FDA.Protest.June2011.jpg

Scores of protestors, many of them women with breast cancer, demonstrated outside a pivotal meeting at the US Food and Drug Administration (FDA) earlier today.

They were demanding that the US drug regulator reverse a December decision to withdraw its approval for the use of Genentech’s Avastin (bevacizumab) in metastatic breast cancer – breast cancer which has spread to other parts of the body.

“We sent a message to the FDA today loud and clear: Keep your hands off our women and allow them to keep their Avastin,” said Terry Kalley, the founder and president of the group Freedom of Access to Medicines which organized the protest along with the Abigail Alliance for Better Access to Developmental Drugs. The protestors estimated their numbers at 75 to 100. (FDA challenged this figure: see the update below.)


The FDA currently approves Avastin for treating colon, kidney, brain, and lung cancers. If the agency does not reverse its December decision, Avastin will become an “off-label” drug for breast cancer – meaning that doctors can still prescribe it but insurance companies will stop covering the approximately $8000 per month cost of taking it, putting the drug financially out of reach of most women.

The FDA argues that Avastin has not been shown to be safe and effective in women with breast cancer that has spread. It had earlier granted an accelerated approval for the drug’s use in this situation, but a condition of such an approval is that the agency be able to revoke it if further studies don’t bear out a drug’s safety and efficacy for a particular use. The FDA set that revocation process in motion last December, as Nature‘s blog details here. Its stance was made the more controversial by the European Medicines Agency’s simultaneous decision that Avastin “remains a valuable treatment option for patients suffering from metastatic breast cancer.”

The FDA, by contrast, had decided that:

“the drug does not prolong overall survival in breast cancer patients or provide a sufficient benefit in slowing disease progression to outweigh the significant risk to patients. These risks include severe high blood pressure; bleeding and hemorrhage; the development of perforations (or “holes”) in the body, including in the nose, stomach, and intestines; and heart attack or heart failure.”

As part of the revocation process, the agency’s Oncologic Drugs Advisory Committee is meeting today and tomorrow at a hearing – the first of its kind – requested by Genentech, part of the Swiss pharmaceutical giant Roche.

After hearing from patients, FDA officials and the drugmaker, the committee will vote tomorrow on whether FDA should continue the process it started in December and finalize its reversal on Avastin for metastatic breast cancer. The committee’s non-binding recommendation will then be considered by agency commissioner Margaret Hamburg, who will make a final decision in the coming weeks or months.

(For chapter and verse on the process, see this opening statement from today’s meeting, from Karen Midthun, the FDA official who chaired the meeting. Midthun, the top agency official in charge of biologic drug approvals, added: “FDA understands the enormous challenges we face with respect to breast cancer, especially metastatic breast cancer, and how hard it is for patients and the families trying to cope with this devastating disease and the need for more effective treatments.”)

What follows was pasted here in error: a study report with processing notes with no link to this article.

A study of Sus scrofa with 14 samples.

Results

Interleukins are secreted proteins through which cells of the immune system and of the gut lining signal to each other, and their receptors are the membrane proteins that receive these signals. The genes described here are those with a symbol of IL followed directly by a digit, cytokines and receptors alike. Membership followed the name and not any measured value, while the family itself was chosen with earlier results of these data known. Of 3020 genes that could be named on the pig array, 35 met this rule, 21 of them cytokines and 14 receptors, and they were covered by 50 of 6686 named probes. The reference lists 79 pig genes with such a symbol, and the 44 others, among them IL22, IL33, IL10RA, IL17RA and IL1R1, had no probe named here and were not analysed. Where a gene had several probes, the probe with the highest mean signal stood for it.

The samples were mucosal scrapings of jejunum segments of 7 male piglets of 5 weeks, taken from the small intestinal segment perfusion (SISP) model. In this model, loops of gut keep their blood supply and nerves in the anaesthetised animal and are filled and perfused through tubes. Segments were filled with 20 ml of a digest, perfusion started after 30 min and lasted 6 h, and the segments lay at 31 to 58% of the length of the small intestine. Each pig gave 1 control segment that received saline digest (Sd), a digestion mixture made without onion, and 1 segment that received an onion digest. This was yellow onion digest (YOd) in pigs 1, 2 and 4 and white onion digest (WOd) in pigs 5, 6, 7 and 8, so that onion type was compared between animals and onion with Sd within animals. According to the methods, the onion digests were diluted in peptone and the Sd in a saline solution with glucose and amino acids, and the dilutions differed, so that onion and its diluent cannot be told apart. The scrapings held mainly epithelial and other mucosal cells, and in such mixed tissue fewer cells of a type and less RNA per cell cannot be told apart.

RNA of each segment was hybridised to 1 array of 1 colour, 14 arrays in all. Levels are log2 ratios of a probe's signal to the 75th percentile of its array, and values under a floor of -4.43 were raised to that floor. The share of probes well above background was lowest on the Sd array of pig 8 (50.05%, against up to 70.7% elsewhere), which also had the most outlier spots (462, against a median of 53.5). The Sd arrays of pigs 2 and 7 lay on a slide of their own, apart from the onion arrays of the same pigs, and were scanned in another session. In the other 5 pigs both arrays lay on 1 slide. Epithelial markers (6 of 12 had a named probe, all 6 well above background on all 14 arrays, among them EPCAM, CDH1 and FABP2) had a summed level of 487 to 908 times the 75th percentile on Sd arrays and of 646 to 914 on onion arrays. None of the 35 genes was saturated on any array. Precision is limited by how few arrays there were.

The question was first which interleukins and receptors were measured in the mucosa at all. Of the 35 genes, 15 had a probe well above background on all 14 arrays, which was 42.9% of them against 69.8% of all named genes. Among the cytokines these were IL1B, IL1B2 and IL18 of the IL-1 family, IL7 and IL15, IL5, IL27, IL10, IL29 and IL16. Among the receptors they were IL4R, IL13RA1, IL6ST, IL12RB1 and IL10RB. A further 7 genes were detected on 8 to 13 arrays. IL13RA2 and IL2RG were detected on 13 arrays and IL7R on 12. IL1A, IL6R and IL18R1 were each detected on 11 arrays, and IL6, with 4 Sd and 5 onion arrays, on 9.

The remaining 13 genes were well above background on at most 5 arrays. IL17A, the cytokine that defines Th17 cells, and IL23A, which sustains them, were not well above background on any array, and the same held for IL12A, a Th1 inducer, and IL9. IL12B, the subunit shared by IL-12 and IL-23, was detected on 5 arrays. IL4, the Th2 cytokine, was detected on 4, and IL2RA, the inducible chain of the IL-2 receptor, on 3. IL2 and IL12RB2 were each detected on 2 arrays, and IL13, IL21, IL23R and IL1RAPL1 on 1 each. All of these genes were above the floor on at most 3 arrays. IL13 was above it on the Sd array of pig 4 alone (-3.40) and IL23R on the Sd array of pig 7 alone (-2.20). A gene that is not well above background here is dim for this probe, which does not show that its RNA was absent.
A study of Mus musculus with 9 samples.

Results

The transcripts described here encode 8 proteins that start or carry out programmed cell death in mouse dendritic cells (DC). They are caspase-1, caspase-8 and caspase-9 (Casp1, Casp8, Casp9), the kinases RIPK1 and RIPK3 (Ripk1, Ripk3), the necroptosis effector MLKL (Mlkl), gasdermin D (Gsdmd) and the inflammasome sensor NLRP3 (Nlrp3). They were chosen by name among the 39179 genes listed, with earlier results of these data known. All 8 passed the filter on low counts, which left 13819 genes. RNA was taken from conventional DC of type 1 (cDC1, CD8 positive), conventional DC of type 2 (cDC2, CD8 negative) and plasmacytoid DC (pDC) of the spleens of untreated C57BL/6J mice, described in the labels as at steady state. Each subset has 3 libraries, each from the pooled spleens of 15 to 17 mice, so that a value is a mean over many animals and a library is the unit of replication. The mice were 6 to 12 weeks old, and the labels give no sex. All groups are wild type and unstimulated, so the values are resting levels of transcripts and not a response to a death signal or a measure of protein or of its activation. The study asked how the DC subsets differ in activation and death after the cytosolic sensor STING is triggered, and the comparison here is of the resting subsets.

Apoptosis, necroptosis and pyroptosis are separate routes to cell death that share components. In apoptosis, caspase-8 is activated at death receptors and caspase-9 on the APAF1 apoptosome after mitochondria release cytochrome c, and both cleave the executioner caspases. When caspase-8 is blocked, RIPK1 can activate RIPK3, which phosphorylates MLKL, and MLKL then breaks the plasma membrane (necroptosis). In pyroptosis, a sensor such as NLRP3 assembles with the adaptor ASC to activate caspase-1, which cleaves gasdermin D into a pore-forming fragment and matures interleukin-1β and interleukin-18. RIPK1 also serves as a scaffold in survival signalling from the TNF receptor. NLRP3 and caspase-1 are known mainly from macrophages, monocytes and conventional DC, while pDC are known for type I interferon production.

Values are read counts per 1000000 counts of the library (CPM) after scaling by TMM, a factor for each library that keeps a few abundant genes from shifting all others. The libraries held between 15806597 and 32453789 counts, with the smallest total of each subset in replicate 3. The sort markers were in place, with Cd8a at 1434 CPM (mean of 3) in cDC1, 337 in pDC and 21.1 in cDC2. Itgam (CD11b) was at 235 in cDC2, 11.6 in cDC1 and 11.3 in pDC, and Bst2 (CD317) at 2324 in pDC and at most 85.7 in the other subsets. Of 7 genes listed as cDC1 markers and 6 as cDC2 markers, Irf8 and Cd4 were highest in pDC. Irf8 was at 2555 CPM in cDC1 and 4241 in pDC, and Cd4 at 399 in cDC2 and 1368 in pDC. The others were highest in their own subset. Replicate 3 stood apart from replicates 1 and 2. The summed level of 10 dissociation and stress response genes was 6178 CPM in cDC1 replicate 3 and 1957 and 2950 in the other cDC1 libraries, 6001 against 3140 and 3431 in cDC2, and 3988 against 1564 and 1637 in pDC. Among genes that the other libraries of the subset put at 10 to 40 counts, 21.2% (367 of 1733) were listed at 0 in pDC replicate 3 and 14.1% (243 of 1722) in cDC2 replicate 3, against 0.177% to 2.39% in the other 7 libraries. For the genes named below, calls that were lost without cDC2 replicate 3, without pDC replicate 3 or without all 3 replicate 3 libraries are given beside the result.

Along with citing compelling personal stories of breast cancer sufferers helped by Avastin, the protestors argued today that the FDA’s process is flawed because the advisory committee is weighted with experts whom they claim are biased against Avastin and removed from its importance for breast cancer patients. Steven Walker, the co-founder of the Abigail Alliance and one of the public speakers, called the process “procedurally corrupt” in these remarks. “None of the voting physicians on the panel,” he wrote, “appear to be engaged in treating breast cancer as a significant part of their clinical research or medical practice.”

You can survey a list of members of the crucial committee here.

Ten police cars and SUVs dispatched by the federal government stopped the protestors from entering FDA property. They were confiined instead to the sidewalk outside the agency.

“No one came here to get arrested,” said Bryan Wilkes of Freedom of Access to Medicines. “We just wanted breast cancer patients and their families to have half an hour of expressing their voices.”

Photo courtesy Abigail Alliance for Better Access to Developmental Drugs

UPDATE, June 29 11 pm: In an e-mail to Nature late today, FDA challenged the organizers’ estimate of the number of demonstrators. Spokeswoman Karen Riley wrote: “There were 30-40 protestors.”

Comments


    Freedom of Access to Medicines (FAMEDS) is the advocacy group leading the effort in favor of Avastin for the 17,500 Metastatic Breast Cancer patients currently on the drug. Please visit FAMEDS Website for resources including the latest Avastin hearing news, a collection of articles, videos and photos, and the petition: http://fameds.org


    Interesting typo “hear” not here in a verbal quotation. although one can’t be sure what was herd. please notify editorial staff.